The Times reports today that Whitehall officials are putting the PM under pressure to back a new runway “days after the EU referendum”.
Poor old Mr Cameron. As if he doesn’t have enough on his plate.
We were already expecting a decision in July. Now we hear Whitehall officials want a decision made as soon as possible after the vote on 23 June.
Which theoretically could mean a decision made as soon as LATE JUNE.
I wonder if the conversation with said Whitehall officials went a bit like this.
[Whitehall official]: “Now, David, you know what I’m going to say next, don’t you?”
[PM sticks fingers in ears, mutters something about ’not having time to talk about this right now’]
[WO]: “The airport expansion decision really can’t wait, David. We need a decision. No ifs, no buts….”
[PM glares. Mutters something which sounds like ’bet you’d just loooove if Boris was the PM and not me’].
Though a vote to Remain would strengthen his hand (and weaken that of Heathrow’s nemesis and the man possibly after his job, Boris Johnson), the PM would still be leading a party with deep divisions from the recent months of EU referendum campaigning.
Would he really want to green light a project of such controversy, following victory?
Or would he rather look for a few quick wins elsewhere on the infrastructure front?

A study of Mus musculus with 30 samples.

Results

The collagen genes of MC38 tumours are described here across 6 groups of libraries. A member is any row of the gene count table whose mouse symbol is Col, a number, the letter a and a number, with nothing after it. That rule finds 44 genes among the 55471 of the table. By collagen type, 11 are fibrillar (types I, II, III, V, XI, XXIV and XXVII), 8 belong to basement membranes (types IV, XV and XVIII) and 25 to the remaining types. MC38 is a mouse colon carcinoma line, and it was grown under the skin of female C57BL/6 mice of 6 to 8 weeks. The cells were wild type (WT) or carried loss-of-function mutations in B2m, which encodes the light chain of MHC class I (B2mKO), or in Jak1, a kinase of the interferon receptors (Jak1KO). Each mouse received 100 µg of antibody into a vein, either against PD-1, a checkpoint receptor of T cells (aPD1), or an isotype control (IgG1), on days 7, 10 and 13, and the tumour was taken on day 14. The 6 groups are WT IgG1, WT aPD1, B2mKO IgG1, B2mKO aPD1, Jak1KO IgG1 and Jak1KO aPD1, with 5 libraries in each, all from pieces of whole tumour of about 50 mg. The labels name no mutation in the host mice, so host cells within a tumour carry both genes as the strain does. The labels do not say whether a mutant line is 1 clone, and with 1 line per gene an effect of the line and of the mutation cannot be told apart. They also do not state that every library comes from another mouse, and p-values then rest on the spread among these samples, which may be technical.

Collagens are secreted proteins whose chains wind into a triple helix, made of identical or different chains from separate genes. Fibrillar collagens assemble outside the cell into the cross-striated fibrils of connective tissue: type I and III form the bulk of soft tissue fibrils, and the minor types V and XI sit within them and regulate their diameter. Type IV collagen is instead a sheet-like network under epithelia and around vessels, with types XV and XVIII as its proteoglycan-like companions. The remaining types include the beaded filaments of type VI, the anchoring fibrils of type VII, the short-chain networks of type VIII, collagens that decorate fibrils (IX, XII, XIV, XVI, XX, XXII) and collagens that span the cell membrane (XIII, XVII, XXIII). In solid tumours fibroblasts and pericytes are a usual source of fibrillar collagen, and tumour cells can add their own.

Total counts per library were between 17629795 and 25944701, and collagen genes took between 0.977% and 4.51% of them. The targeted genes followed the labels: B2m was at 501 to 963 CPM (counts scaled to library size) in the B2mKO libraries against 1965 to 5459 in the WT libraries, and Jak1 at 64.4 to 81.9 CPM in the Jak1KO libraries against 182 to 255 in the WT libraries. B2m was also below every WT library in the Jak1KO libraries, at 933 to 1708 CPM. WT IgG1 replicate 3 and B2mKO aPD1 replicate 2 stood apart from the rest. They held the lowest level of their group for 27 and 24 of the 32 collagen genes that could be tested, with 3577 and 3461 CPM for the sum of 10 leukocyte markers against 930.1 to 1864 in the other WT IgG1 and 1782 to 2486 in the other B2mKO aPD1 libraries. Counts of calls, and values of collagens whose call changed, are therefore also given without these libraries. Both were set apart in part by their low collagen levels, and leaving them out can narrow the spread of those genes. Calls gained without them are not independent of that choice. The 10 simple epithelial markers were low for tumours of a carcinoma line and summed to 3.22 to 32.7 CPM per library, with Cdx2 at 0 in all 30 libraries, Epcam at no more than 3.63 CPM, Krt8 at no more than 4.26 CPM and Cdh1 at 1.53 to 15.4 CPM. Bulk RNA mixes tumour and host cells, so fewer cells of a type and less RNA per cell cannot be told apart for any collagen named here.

Developers will presumably be only too happy to talk about investment in offices, warehouses, even actual houses being built if the vote goes Cameron’s way.
Or perhaps Hinkley Point C? Does anyone really believe EDF Energy’s boss saying that Brexit isn’t a factor in the go-ahead for the new nuclear plant?
But The Times urges the government to back Gatwick, saying: “The moment for a ‘Boris Island’ airport may have passed, but the moment for the prime minister to tune out vested interests and make a commonsense decision in favour of Gatwick most certainly has not.”
Should Leave prevail later this month and a new PM be ushered in, the balance may tip dramatically towards Gatwick.
If, for example, Boris Johnson were PM, the Airports Commission report wouldn’t have his name attached (he was too busy dreaming up his own airport at the time) so could be overlooked.
But for the PM it’s damned if you do, damned if you don’t.
As the referendum draws near, I wonder what odds the bookies are offering on yet another delay to the runway decision?
More than half of UK contractors are expecting a growth in construction during 2016, according to research by Build UK, but concerns around labour and construction costs remain.
A Hochtief Murphy joint venture is among the winning contractors for a mining development in North Yorkshire.
Construction News had a big exclusive this morning on the CITB’s training levy and the government’s apprenticeship levy, with more than 900 contractors impacted. You can find out all the details here.